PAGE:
I was not aware that HoCo charges a mobile home site rental tax. In a county that has a policy to encourage affordable housing, it is really unconscionable that such a regressive tax is charged on those with the least amount of money. I read some of the written comments on the bill from those who live in a mobile home park. Their testimony is really poignant. One person wrote:
I support the CB55 Bill because my family is struggling. Not having to pay the rental tax would mean so much to us. Every year everything goes up except our income. We are barely putting food on our table. We watch TV by using rabbit ears because we can’t afford to pay for TV. We have the “pay as you go” cell phones because we can’t afford the contracted ones. We cook on an electric burner because we can’t afford gas to use our stove. We cant always see our doctor when we are sick because we can’t afford our copay. Rental tax may not seem like much, but that money could go towards food every month or copays when we need to see the doctor.
Another person wrote how they did not have any money for car repairs. It is really surprising that this awful tax has quietly existed for so long. Why did it take until 2018 for a bill for repeal to be filed?
However, I feel that the transition in CB55 will cause much confusion for a very vulnerable population. The bill repeals the tax retroactive to July 1, 2018. However, the bill also takes effect in 61 after enactment, which depending upon when the bill is passed, could be a period from the end of September to the beginning of November or December. So before the effective date, the taxes will still be due. However, some people will be saying, “no the tax is repealed from July 1, 2018.” I assume that the Department of Finance will send refunds for the taxes collected after July 1, but some clearer language and attention to a transition plan is needed to notify the owners of the parks and the renters of the mobile home sites. The tax is collected as part of the monthly rent by the mobile park licensee from the renters of the mobile home park sites. How will the tax be refunded to the renters of the mobile home park sites and not become a windfall to the mobile home park licensees?
CB59-2018 “AN ACT amending the General Plan for Howard County (“PlanHoward 2030”) by adjusting the Planned Service Area” has the standard provision in most Council Bills that the sections are severable. Normally, this section would serve to fulfill the will of the Council to allow the remaining sections of the bill to take effect if one section of the bill were to be declared invalid by a court, However, in this case, that clause actually undermines the overall intent of the bill, and it must be stricken.
Plausibly, the only section that might be held invalid is Section 2 which protects the County and the community from changes to the PSA if the Erickson Continuing Care Retirement Community (CCRC) is not constructed. It sets a 3-year time limit on Zoning Board action and a 10-year limit on constructing a sewer and water connection.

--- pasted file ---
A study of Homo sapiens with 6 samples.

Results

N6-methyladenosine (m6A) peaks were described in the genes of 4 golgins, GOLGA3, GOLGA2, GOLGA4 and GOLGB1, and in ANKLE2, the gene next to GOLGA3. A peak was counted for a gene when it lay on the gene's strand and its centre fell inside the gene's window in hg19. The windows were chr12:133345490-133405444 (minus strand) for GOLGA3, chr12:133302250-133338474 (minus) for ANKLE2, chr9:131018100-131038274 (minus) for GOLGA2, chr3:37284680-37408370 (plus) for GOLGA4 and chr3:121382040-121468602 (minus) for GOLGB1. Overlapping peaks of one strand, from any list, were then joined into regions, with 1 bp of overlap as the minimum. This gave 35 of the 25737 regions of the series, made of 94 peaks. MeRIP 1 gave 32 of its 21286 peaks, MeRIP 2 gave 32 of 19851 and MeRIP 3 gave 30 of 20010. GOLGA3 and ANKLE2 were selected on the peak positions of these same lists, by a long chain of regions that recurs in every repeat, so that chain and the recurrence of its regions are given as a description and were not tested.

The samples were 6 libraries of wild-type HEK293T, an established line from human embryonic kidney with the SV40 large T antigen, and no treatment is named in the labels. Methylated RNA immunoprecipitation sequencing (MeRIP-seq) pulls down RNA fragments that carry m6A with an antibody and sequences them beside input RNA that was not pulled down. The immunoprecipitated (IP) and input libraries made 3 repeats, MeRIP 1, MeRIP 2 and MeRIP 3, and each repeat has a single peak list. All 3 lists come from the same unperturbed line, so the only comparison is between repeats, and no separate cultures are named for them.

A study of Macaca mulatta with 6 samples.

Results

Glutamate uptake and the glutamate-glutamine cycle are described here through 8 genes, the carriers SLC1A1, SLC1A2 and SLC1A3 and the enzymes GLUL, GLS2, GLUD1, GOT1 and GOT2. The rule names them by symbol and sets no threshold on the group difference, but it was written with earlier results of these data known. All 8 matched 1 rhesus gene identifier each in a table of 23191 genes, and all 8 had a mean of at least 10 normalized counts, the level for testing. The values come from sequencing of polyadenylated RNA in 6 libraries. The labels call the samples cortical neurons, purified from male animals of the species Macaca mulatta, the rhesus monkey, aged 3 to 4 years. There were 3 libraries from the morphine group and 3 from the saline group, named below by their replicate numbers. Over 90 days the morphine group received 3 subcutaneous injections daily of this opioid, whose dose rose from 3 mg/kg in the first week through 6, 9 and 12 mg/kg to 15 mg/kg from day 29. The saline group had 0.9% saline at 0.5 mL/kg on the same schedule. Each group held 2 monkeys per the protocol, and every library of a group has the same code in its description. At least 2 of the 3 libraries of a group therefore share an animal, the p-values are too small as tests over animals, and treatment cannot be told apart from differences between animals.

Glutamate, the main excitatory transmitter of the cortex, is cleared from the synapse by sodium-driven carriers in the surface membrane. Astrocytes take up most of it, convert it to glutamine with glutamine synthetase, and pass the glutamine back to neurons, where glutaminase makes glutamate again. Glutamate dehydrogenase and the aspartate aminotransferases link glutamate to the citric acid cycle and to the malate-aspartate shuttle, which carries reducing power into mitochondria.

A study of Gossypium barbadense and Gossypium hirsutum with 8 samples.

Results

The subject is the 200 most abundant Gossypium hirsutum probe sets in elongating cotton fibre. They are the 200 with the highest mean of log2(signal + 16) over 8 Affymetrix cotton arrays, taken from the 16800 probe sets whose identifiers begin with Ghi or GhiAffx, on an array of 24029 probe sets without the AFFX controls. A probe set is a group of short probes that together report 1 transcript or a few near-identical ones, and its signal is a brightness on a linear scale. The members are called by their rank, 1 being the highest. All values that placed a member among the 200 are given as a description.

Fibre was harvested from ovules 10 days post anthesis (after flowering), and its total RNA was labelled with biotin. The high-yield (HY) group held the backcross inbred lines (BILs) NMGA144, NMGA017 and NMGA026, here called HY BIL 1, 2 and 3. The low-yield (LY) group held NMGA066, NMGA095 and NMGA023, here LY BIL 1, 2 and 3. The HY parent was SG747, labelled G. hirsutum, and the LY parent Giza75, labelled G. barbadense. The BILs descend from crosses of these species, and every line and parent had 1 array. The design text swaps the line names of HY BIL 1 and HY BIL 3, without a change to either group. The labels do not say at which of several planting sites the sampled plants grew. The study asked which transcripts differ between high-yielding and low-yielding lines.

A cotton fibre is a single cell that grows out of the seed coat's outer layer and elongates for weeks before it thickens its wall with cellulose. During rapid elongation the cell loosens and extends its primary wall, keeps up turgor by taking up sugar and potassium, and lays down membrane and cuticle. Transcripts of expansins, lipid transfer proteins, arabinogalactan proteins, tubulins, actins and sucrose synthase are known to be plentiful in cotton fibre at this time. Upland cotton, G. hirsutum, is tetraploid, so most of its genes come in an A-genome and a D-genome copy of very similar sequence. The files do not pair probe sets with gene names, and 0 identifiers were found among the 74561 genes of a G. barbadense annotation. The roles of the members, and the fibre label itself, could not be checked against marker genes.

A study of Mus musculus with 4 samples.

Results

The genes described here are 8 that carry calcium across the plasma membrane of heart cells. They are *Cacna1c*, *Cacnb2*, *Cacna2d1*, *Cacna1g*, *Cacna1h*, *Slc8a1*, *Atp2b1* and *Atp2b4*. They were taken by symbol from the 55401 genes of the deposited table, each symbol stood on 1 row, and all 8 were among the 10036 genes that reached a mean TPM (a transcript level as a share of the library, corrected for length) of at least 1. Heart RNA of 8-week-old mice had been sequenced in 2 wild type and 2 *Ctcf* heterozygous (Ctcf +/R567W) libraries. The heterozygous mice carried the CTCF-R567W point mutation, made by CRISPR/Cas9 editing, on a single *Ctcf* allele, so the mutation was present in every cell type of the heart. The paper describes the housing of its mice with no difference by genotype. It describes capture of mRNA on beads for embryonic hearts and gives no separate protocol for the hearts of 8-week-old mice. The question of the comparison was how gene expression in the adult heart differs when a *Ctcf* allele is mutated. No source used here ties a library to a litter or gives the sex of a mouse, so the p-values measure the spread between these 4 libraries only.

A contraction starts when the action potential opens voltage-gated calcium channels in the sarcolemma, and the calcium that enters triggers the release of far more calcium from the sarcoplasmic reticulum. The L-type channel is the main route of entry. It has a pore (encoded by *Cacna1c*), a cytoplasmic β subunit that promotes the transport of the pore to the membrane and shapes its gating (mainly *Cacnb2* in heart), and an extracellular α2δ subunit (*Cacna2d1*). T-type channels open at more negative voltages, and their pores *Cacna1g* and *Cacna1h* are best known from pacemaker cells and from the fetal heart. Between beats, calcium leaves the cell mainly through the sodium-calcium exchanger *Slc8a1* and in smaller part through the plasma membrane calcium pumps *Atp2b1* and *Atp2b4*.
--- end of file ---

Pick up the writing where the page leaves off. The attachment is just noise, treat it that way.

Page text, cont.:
Section 1 is the operable provision modifying the PSA. If it were stricken, the rest of the sections are effectively moot.
Section 3 amends PlanHoward 2030 and is meaningless if Section 1 is invalid. Declaring Section 3 invalid would leave a change to the County Plan unamended; this is nonsensical.
Section 4 is the invalidity clause itself.
Section 5 is the standard language that the bill takes effect in 61 days.
Thus, Section 2 is the only section which might logically be declared invalid. At the Planning Board, Erickson’s counsel William Erskine referred to it somewhat inaccurately as “a poison pill.” Whereas a poison pill normally is used by a corporation to protect the status quo and thwart a takeover, the provision is Erskine’s idea to promote a development change in Clarksville and was written to assuage opposition to the PSA expansion; it is really a condition subsequent. This provision which he drafted is necessary to fulfill the overall intent of the bill to authorize construction of a CCRC and CANNOT be severed from the remaining parts of the bill. It would actually serve the intent of the Council and the stated position of Erickson (unless Erskine actually believes this is all game play and that he can have Section 2 declared invalid down the road) to amend Section 4 to state that “it is the intent of the Council that Section 2 is integral to the operation of the bill and if for any reason Section 2 or its operation is declared invalid by any court of competent jurisdiction than the entire bill shall be null and void.”
The Board of Elections completed the canvass of provisional and additional absentee ballots Thursday July 5. In the race of County Council District 1, Liz Walsh received 66 votes to Jon Weinstein’s 33 votes. After last week’s absentee canvass, Weinstein lead by 37 votes. The additional votes for Walsh has cut Weinstein’s lead to just 4 votes.
There were no over votes and 31 under votes of voters who expressed no preference in this race.
Final absentee canvass is scheduled for Friday morning.